Steric exclusion chromatography for the purification of recombinant baculovirus

Conference Dates

June 17-22, 2018


Steric exclusion chromatography (SXC) has already proven to be a valuable tool in the purification of proteins and virus particles. An important benefit of the method is the fast and simple procedure at mild chromatography conditions as no harsh binding and elution buffers are needed. The sample is initially mixed with a polyethylene glycol (PEG) containing buffer of choice. The steric exclusion of a macromolecule from the polyethylene glycol and the stationary phase allows a selective retention of the product, depending, among others, mainly on its size as well as on the molecular weight and concentration of the PEG. Here, SXC was set up in order that smaller process contaminants, i.e. host cell proteins and DNA, did not bind to the stationary phase, in contrast to the targeted larger virus particles. These were subsequently eluted reducing the PEG concentration in the mobile phase. Regenerated cellulose was used as stationary phase to purify VSV-G pseudotyped AcMNPV baculoviruses derived from Spodoptera frugiperda cells (Sf9 cells) by SXC. The purified virus particles are used as gene transfer tools for human mesenchymal stroma cells. For this purpose, the baculovirus was clarified prior to the SXC by sequential centrifugation (4700 gmax). The SXC conditions were optimized in terms of yield and purity by a design of experiment approach considering the PEG molecular weight, its concentration and the ionic strength of the elution buffer as critical process parameters. Within the design space virus recovery was ≥70%. Without further nuclease treatment the depletion of double-stranded DNA was >90% and the amount of host cell proteins were reduced >90% in the virus fraction.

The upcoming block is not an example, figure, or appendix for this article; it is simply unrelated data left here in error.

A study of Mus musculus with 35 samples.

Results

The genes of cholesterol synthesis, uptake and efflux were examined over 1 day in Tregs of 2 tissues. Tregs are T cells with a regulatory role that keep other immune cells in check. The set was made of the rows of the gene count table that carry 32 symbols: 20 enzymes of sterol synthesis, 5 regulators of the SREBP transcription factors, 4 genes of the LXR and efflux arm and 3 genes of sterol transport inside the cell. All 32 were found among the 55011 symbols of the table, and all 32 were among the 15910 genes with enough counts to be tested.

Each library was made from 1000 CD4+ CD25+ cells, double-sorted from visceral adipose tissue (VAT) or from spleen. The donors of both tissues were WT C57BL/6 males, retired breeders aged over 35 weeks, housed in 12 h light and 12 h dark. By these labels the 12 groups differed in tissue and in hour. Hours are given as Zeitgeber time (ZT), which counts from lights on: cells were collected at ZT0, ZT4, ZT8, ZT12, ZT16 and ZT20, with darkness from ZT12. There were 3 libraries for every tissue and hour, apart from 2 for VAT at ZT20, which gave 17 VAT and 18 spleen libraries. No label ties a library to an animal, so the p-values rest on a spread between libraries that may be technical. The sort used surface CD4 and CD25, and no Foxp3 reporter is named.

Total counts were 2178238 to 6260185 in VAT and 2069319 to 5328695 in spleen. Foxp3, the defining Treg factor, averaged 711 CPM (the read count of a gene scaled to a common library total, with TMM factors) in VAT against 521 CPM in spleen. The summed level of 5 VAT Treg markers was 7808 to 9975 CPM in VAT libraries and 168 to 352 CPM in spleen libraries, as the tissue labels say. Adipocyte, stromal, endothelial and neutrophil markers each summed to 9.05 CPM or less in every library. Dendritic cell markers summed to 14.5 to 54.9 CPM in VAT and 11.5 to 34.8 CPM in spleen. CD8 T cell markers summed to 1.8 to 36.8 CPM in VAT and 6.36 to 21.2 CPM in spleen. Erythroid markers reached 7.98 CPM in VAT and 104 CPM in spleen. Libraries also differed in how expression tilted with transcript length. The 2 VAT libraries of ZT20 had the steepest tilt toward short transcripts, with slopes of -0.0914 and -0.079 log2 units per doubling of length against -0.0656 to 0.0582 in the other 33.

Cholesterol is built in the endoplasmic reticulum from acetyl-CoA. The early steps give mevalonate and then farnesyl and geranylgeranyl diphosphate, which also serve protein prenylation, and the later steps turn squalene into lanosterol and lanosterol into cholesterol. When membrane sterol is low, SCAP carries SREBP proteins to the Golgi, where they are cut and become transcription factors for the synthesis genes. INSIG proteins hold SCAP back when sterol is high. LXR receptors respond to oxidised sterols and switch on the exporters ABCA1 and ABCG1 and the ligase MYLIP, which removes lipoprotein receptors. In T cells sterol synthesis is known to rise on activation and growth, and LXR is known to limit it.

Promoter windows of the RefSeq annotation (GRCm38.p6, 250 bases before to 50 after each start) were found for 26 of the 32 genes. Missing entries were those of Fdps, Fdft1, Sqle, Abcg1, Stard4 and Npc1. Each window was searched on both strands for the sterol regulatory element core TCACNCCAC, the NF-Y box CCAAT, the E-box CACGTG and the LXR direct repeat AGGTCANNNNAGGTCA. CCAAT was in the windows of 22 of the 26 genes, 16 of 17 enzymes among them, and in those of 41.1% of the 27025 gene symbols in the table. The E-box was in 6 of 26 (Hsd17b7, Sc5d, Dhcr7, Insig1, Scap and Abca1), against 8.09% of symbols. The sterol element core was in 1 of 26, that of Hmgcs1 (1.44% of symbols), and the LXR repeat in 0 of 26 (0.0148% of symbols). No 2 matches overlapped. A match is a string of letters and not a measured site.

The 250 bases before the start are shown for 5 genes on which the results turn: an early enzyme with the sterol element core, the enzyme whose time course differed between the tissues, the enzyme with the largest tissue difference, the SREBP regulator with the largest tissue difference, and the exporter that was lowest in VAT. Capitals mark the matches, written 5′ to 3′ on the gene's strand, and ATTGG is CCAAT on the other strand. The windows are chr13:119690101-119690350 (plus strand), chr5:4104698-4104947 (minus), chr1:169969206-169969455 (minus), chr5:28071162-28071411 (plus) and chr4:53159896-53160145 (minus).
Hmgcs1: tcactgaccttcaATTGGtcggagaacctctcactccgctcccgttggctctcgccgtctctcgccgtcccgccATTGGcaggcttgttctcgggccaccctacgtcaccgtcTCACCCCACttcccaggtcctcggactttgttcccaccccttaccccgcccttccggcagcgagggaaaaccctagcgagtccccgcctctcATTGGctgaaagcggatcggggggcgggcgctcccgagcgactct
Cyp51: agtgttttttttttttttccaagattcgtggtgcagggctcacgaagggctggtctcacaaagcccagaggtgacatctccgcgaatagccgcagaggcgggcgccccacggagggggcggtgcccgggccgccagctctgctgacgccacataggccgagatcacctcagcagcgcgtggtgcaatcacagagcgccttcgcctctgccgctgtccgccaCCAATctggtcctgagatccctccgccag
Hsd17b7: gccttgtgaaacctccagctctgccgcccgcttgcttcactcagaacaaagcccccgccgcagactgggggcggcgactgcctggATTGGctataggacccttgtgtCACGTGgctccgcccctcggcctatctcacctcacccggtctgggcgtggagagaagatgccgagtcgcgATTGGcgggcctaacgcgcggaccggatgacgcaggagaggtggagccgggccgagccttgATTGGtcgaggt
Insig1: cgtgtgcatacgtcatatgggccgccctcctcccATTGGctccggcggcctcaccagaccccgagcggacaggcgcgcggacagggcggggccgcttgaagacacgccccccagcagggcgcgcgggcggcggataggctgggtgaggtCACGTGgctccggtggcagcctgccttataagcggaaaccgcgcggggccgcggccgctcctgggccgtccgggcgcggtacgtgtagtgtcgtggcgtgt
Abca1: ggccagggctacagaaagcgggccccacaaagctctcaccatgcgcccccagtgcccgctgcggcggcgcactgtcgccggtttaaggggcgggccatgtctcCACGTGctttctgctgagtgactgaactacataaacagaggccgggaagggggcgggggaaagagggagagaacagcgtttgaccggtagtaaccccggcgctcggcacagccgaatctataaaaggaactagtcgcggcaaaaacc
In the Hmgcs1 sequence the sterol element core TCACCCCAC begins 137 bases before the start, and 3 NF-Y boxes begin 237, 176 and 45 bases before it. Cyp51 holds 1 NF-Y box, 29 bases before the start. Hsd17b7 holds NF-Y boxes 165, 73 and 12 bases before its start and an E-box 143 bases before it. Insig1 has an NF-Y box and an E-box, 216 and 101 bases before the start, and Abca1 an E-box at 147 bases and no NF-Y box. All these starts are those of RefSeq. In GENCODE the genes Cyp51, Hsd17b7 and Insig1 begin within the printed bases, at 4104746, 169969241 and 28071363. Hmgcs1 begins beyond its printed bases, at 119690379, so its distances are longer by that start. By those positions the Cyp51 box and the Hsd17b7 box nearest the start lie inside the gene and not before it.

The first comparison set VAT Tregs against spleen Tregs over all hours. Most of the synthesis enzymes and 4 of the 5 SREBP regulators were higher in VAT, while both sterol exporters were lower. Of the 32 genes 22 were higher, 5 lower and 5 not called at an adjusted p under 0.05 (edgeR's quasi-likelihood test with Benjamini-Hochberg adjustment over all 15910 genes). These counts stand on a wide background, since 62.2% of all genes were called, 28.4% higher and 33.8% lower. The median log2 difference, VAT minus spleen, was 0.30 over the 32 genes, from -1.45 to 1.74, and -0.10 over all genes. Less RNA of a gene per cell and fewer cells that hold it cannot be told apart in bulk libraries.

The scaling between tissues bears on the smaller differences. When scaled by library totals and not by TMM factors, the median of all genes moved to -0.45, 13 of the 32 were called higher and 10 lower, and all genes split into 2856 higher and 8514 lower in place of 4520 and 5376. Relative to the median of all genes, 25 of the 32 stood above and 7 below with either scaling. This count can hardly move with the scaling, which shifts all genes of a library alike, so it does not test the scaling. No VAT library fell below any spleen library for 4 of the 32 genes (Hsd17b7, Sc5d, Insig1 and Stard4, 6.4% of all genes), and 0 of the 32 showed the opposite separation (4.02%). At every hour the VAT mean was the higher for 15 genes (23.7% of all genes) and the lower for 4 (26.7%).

In conclusion, SXC can drastically reduce the process development in terms of time and equipment requirements for the purification of recombinant baculoviruses, as well as for the achieved purity which is superior over classical methods.

137.pdf (102 kB)

This document is currently not available here.